By Emma Silvers
By Gary Moskowitz
By Alee Karim
By Ian S. Port
By Ian S. Port
By Derek Opperman
By Emma Silvers
By Alee Karim
Flying to a DJ gig with my records always entails the same conversation:
Old guy on the plane: What do you have in the bag? Looks heavy!
Me: They're records.
Old guy: Records? Vinyl records?
Old guy: Kids still play records these days? I didn't think anyone listened to records anymore!
Me: Oh, but they do, Grandpa. Oh, but they do ....
Call us what you want: Luddites, phonophiles, record nerds. For a lot of people, records are a serious business. Not a, "Yeah, I have my Dad's Beatles LPs"-type business, but more like a, "Yeah, I just flew to Finland to pick up that test pressing of "The White Album" with a typo on the label for $7,000"-type business. Record nerds are a peculiar group comprising mainly DJs, store owners, musicians, and music writers. We are like your average music fan with a serious case of OCD. For the true nerd, records come before food and get in the way of relationships; searching out a particular record can become the focus of one's life.
With the Bay Area's rich history of music and our current unofficial title as "The City With Most DJs per Capita," it should come as no surprise that many of the nation's top vinyl junkies reside right here in our own back yard. Some of them you may have heard of, most you probably haven't. Either way, anyone this obsessive deserves to have his head examined, which is what we did.
Justin Torres (30), S.F. Radio sales assistant, record dealer
Approximate record-collection size: 22,000
Preferred genre: Sweet soul and anything from the Bay Area
What's your favorite record or favorite record label? "Johnny Baker['s] 'Fog City (and You Girl)' (Fog City Records) [is] such a great mid-tempo beat with Johnny's sweet voice singing about hoofing it up these S.F. hills through the fog to get to his woman."
What was the first record you bought? "Eazy E's first record and Main Source's Breaking Atoms from Joe at Creative Music on Ocean Avenue here in San Francisco. Creative Music is still the best local record store in the Bay after 18 years."
What record are you most looking for right now? "A Project Soul 45 from Vallejo. They changed their name to the group you all know as Con Funk Shun."
What would you do for it? "Fly to Indiana where Felton, the lead singer, now lives and convince him to give me a copy. After talking to him and his mom (yeah, I even tracked her down), I'm convinced he has a copy! Anyone out there have a copy I can buy?"
James Glass (100?), East Bay. Professional weasel
Digging since: 1980
Preferred format: Soul, jazz, or disco 12-inches
How far have you traveled for a record? "London and Tokyo."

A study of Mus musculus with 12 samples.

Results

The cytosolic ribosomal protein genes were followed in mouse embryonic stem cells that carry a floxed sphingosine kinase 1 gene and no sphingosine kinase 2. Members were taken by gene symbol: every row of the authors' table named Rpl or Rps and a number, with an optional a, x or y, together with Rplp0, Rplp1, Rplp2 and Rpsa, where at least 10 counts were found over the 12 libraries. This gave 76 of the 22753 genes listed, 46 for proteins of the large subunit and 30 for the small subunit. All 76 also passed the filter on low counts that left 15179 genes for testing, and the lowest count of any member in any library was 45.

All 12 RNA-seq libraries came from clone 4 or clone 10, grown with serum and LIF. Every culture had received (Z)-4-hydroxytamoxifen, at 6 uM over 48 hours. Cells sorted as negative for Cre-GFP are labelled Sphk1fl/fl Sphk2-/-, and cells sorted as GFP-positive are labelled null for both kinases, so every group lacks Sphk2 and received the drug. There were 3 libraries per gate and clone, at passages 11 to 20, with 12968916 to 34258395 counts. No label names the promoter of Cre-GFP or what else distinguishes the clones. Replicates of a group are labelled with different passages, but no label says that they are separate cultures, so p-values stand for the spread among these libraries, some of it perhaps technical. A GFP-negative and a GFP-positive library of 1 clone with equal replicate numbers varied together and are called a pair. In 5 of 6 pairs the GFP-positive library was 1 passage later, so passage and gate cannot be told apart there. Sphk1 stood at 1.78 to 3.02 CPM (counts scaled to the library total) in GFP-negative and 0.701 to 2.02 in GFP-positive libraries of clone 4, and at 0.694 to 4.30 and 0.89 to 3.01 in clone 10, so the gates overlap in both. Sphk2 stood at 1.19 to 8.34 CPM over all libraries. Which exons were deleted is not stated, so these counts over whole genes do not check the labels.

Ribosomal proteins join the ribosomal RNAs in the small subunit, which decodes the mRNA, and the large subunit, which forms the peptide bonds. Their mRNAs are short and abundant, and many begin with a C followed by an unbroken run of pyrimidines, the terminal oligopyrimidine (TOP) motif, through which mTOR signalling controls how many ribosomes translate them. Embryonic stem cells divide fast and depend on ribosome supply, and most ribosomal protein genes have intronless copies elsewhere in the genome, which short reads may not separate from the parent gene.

What record are you most looking for right now? "Stevie Wonder 'As' 12-inch."
What would you do for it? "Almost anything."
What's the most you've paid for a single record? "I'm embarrassed to say except that it was almost the same as my rent."
Stephanie Aguilar Gardner (aka DJ Stef) (42), S.F. Graphic designer, DJ
Digging since: "When I was four or five I started sending my mom to the store with a list. 45s were only 49 cents back then."
Preferred genre: Hip hop
What's the best place for records in the Bay Area? "The KUSF Record Swap."
Have records ever come between you and a man? "Yeah, an ex got mad and broke my Cactus Album [by 3rd Bass]. I never replaced it."
Digging since: 1993
Preferred genre: Psychedelic rock, obscure homemade vanity pressings
How are your records organized? "By country."
What was your best dollar-bin miracle? "Finding the one Christian-psychedelic record that made up for the hundreds of others I've tried my luck on."
Would you ever get rid of your records? "There are days where I get very burned out, asking myself why the hell I'm doing this and have thoughts of settling down on a specific Mediterranean island, returning to my childhood roots, fishing for octopus, and forgetting about all the headache, stress, and eccentric individuals you encounter in the world of record collecting. But at the moment I'm still very much into it and I don't see myself selling the collection any time soon."
Will Louviere (36), East Bay. Traveling salesman
Fun fact: Will has an online museum of wild record covers at www.showandtellmusic.com.
What makes the Bay Area good for records? "Lotsa hippies and tripped-out ex-'60s people."
What makes the Bay Area bad for records? "Lotsa hippies and tripped-out ex-'60s people."
What is the record you are most looking for right now? "I'd like to find an original copy of Psychodelic Sounds [sic] by Jr. and His Soulettes."
What was your best dollar-bin miracle? "The Royals, Royal Music, Salinas, California."
Digging since: 1978
Preferred genre: Fifties garage, psychedelia, surf instrumentals, and '50s rockers
What's the best place for records in the Bay Area? Rooky Ricardo's
How far have you traveled for a record? "To the state of Vermont. It was a bust!"